MNI INTERVIEW1: Trade Truce Enough to Bolster China H2: Ma Jun


LONDON (MNI) – The U.S.-China trade ceasefire should largely rule out any need for major new economic stimulus measures in the second half of the year to maintain Chinese growth within the targeted range, according to Ma Jun, member of the People’s Bank of China Monetary Policy Committee, in an exclusive interview with MNI.

The PBOC’s former chief economist expressed his optimistic outlook following the weekend agreement between the America and China’s leaders at the G20 in Japan for trade talks to resume. Ma said the expectation that there would be no further escalation in the trade conflict underlined his belief that Beijing would have little need to go beyond existing economic stimulus measures to sustain the required rate of growth.

“The consensus reached by President Xi and Trump during the G20 Summit has delivered an important and positive certainty (to China and global economy),” Ma said. “We are confident that China’s economy is likely to keep above 6% GDP growth and below the 5.5% surveyed unemployment rate without major new stimulus policies as long as the trade war would not escalate in H2.”

Ma believes that the agreement to restart trade negotiations has led to market expectations that a deal would include the rolling back of some and perhaps all of the tariffs so far imposed on Chinese imports by Washington DC. According to Ma’s model, if the US were to cut its 25% tariff applied to USD250 billion worth of Chinese goods to 10%, China’s GDP growth would be boosted by 0.3 percentage point.

Meanwhile, the PBOC’s efforts to reduce funding costs will work to bolster the economy, Ma said, stressing the importance of the current, lower, short-term money market rates in placing effective downward pressure on corporate lending rates.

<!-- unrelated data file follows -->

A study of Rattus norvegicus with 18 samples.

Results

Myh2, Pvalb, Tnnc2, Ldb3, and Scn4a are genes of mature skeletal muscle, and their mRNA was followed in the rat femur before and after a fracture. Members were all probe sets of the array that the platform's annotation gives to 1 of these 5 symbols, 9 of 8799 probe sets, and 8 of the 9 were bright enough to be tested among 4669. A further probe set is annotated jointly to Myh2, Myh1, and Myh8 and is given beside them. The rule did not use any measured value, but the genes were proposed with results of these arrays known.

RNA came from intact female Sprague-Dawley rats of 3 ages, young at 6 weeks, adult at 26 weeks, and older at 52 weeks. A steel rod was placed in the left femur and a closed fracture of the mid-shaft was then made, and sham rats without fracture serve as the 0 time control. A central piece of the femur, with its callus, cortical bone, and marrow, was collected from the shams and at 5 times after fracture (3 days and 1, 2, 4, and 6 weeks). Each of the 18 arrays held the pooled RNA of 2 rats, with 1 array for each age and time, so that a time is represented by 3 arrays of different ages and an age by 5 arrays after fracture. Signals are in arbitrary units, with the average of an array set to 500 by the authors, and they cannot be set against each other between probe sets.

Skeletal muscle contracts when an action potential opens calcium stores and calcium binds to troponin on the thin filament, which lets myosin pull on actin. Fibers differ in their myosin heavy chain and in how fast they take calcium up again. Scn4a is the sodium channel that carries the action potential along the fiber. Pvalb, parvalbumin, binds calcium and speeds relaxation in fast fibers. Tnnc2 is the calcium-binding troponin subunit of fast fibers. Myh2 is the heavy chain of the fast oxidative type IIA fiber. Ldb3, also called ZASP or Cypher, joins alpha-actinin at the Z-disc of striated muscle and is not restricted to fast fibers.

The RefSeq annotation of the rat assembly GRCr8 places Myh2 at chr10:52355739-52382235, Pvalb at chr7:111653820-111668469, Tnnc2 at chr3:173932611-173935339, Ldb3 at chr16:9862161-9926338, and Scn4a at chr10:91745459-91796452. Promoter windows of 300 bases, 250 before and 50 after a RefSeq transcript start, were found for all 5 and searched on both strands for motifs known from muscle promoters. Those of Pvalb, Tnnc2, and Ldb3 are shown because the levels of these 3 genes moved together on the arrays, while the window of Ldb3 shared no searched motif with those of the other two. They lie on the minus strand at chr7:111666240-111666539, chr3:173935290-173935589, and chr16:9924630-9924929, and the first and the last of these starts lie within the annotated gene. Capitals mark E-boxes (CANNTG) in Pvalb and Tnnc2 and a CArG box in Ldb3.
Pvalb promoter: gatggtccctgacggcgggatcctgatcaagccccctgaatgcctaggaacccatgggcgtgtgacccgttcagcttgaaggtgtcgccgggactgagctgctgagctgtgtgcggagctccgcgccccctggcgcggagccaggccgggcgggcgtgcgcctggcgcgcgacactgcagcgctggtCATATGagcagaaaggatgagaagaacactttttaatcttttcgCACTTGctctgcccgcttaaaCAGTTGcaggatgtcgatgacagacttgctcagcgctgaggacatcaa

Moreover, in Ma’s view, Beijing’s large-scale tax cuts have boosted the profit outlook for companies and provided another drive for the growth. He cautioned against any further big tax giveaways which he did not think were appropriate as “local government fiscal balance would be under stress if fiscal revenue falls too much.”



Ma conceded that the potential dovish turn in the policy direction of the world’s major central banks does grant additional room for easing in the emerging countries.

“However, the easing has limits, considering the currencies of emerging economies would depreciate and the leverage ratio would rise, particularly if the pace of EM easing was faster than that of advanced countries,” Ma warned.

“As we all know, a high leverage ratio will generate medium-term financial risks, so I would caution against excessive monetary easing which would lead to a jump in the leverage ratio.”

He also argued that it would be hard to measure the net benefits to the real economy from monetary easing as it might fall short of offsetting the upward pressure on funding costs from increased credit risk amid a slowing economy.



Turning to the long-awaited reform to simplify and fuse China’s dual interest rate tracks, Ma thinks the motivation for the PBOC to push on with reform in the short term is increasing.

“One purpose of the reform is guiding the fall of lending rates. Now, although the short-term market rates drop, the long-term lending side has not seen a corresponding fall as the market rates and the lending rate are poorly linked,” Ma said.

Ma expects that the future trajectory of market-based interest rate reform would include “removal of the benchmark lending rate, clarifying only one short- or medium-term rate as the policy rate, and strengthen the linkage of the loan prime rate (LPR) with the policy rate.”

But Ma acknowledged that the reduction of funding costs for SMEs in China should be achieved with a combination of solutions, including the above-mentioned interest rate reform, government guarantees for SME lending, greater transparency of SMEs’ financial data, and wider application of Fintech.